By LINDA M. LINONIS
Hope has figured prominently in the faithful of Emmanuel Lutheran Church.
In 1912, hope inspired 20 members of St. John’s Church in Townline to take a leap of faith by founding Emmanuel Lutheran Church. Their hope in the future was confirmed — the church is marking its 100th anniversary.
Hope to nuture and grow a congregation of faithful motivated its pastors and lay leaders through the years. Hoping to help people directed the church’s social outreach.
In 2010, Emmanuel Lutheran became a member of Hope Lutheran Parish; evidencing faith and foresight in a new form of ministry. Other members are Messiah Lutheran Church in Newton Falls, St. Mark’s Lutheran Church in Warren and Trinity Lutheran Church in Niles.
The Rev. Dee Emmert, lead pastor, heads a pastoral team of the Rev. David Conrad and the Rev. David Genszler, interim pastor. The ministers rotate among the churches.
“The parish is a cooperative ministry,” said Pastor Emmert, who has been at Emmanuel for four years. “It’s probably been evolving to this in the last 13 years.” It became official in July 2010.
Rick Thompson Jr., president of Emmanuel council, added, “We did it to create better ministries, not for survival. Together, we have more energy and synergy. Ministries are stronger.”
He noted that unduplicated ministries better serve participants and the community. The churches remain autonomous; each contributes toward the pastors’ salaries.
Hope Parish has joint worship services for Advent, Lent and Holy Week and one confirmation class. In the collaborative ministry, the churches and congregrants support one another’s strengths and shore up weaknesses.
This weekend, the churches will join in the centennial observance of Emmanuel Lutheran Church. “It’s the celebration of the congregation ... the people who came before and the ones after,” Pastor Emmert said.
Pastor Conrad views the cooperative ministry as a “model of the future church.” “Cooperation is the way it’s supposed to be,” he said.
He also noted he sees the cooperative ministry as the continuing fulfillment of Pentecost, which is described as the “birthday of the church.”
Pastor Emmert added that “each minister has different gifts” and that benefits the parish.
Thompson added that because each minister has a unique delivery of the message, services have a fresh element.
Pastor Conrad noted that the “challenge is to know members at each church, but it’s a happy challenge.” That prompts more interaction.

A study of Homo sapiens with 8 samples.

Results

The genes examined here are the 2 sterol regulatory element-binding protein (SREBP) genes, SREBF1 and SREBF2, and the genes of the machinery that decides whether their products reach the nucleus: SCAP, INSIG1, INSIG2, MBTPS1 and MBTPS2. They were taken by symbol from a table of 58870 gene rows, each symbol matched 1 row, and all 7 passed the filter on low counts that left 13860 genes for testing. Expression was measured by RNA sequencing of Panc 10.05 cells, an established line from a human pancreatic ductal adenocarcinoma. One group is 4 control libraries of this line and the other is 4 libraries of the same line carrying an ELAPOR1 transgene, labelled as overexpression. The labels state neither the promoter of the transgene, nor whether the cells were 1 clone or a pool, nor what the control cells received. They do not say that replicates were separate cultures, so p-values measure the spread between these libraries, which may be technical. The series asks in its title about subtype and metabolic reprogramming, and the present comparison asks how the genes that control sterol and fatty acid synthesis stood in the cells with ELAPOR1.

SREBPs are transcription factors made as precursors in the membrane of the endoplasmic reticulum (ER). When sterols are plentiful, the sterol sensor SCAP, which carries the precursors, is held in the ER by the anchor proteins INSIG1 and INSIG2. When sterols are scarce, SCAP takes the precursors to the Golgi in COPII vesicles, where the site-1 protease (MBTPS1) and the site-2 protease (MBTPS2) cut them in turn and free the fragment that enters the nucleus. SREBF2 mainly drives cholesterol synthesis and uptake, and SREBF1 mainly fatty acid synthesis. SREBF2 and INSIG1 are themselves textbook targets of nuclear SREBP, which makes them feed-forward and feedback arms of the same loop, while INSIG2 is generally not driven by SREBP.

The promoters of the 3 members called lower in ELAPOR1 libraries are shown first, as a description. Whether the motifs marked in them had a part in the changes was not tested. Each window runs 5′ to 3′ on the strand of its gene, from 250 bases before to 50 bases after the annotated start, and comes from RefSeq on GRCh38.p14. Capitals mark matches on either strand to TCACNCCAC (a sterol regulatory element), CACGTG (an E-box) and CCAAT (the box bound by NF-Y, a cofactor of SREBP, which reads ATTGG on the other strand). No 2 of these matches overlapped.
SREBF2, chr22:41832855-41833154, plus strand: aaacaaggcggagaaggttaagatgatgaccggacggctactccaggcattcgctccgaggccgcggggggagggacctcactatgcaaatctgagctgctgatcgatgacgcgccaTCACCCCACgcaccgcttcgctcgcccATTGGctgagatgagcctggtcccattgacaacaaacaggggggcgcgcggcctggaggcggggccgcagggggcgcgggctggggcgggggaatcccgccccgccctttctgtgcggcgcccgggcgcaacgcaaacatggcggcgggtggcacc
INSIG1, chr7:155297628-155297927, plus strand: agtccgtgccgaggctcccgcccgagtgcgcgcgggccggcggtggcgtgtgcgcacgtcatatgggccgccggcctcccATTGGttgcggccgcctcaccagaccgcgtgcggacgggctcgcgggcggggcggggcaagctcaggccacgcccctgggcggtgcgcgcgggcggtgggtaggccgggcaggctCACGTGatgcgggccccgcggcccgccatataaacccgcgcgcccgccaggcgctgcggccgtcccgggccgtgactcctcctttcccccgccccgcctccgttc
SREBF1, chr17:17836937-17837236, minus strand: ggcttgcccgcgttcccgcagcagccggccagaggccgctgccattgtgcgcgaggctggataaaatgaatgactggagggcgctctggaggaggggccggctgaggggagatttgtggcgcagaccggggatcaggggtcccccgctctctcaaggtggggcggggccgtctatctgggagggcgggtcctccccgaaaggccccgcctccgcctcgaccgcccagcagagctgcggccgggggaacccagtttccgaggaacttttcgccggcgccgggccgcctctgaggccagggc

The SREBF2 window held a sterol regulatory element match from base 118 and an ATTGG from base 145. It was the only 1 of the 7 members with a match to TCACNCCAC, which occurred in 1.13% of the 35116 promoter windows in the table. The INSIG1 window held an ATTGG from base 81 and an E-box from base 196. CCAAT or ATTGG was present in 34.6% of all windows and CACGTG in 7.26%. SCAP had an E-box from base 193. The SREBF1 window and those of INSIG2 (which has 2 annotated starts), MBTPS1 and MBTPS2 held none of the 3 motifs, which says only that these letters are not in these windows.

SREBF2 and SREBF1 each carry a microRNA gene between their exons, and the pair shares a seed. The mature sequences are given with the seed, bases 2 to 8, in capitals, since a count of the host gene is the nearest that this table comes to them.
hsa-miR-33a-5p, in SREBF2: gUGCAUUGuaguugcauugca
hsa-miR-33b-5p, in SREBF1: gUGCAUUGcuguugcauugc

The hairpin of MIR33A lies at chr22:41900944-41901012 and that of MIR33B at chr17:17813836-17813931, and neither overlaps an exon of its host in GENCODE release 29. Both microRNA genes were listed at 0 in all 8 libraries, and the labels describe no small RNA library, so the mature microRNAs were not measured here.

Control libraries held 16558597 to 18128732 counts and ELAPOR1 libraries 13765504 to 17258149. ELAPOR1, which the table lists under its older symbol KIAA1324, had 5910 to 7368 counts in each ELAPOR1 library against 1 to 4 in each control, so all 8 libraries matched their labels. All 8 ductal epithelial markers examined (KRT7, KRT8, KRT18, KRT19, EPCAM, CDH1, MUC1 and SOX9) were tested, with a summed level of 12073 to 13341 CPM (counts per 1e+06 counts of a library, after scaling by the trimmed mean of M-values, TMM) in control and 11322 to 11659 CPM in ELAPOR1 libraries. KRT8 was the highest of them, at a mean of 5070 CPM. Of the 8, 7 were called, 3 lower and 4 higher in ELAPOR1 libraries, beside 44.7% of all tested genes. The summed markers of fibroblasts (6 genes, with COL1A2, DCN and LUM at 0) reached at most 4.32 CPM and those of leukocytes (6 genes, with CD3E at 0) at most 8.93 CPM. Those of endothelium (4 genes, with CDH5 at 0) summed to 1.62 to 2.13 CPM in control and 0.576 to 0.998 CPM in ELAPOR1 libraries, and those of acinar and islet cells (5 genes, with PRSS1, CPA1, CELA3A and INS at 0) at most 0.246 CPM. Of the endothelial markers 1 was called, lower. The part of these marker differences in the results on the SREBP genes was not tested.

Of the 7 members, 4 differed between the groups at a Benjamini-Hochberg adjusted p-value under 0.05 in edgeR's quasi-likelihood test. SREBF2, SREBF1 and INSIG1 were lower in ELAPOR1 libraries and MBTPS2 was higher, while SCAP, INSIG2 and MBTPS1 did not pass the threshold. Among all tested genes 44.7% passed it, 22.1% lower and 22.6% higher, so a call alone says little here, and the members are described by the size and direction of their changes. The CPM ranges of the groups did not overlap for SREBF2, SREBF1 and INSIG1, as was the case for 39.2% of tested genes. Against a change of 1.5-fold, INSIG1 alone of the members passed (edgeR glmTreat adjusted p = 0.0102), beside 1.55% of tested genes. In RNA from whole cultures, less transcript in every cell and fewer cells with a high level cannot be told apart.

Thompson said this ministry “helps people grow in faith and church participation.”
Pastor Emmert noted that, for example, when a committee of eight is needed for a project, it’s easier to get two volunteers from each church than cajole the whole number from one. That eases the pressure on each of the congregations.
Emmanuel Lutheran is known for its social outreach. Last year, the church hosted a justice revival event.
Pastor Emmert said the clothes closet is supported by some 50 Valley congregations. It’s open from 9 to 11:45 a.m. Tuesdays and Wednesdays and visitors may take up to 30 articles of clothing with some restrictions applying. “It’s a shopping experience,” Pastor Emmert said. Some clothing also is donated to relief efforts in Haiti, Appalachia and Native American reservations.
The church also provides a free meal at 11:30 a.m. the next- to-last Friday of the month.
Church members also warm the bodies and souls of others by making lap robes for Hospice of the Valley. Last year, the Fiber Group, which makes the handicrafts, distributed some 300 lap robes.
Emmanuel, along with other Lutheran churches, contributes toward Lutheran World Relief Services and Lutheran Social Services.
Emmanuel remains dutiful in attending to the spiritual needs of its members.
Bible studies for adults and youth engage the membership, Thompson said.
When congregants celebrate the church centennial, they will worship in the sanctuary where three stained-glass windows — on Gethsame, Jesus as shepherd and the Resurrection — figure prominently. Thompson said they “smile loudly” through the music ministry led by organist D.J. Raisley.
The church also displays a 1877 Bible in German open to the 23rd Psalm.
Centennial celebrants will receive crosses crafted by member Randy Engler, who used wood from a pew.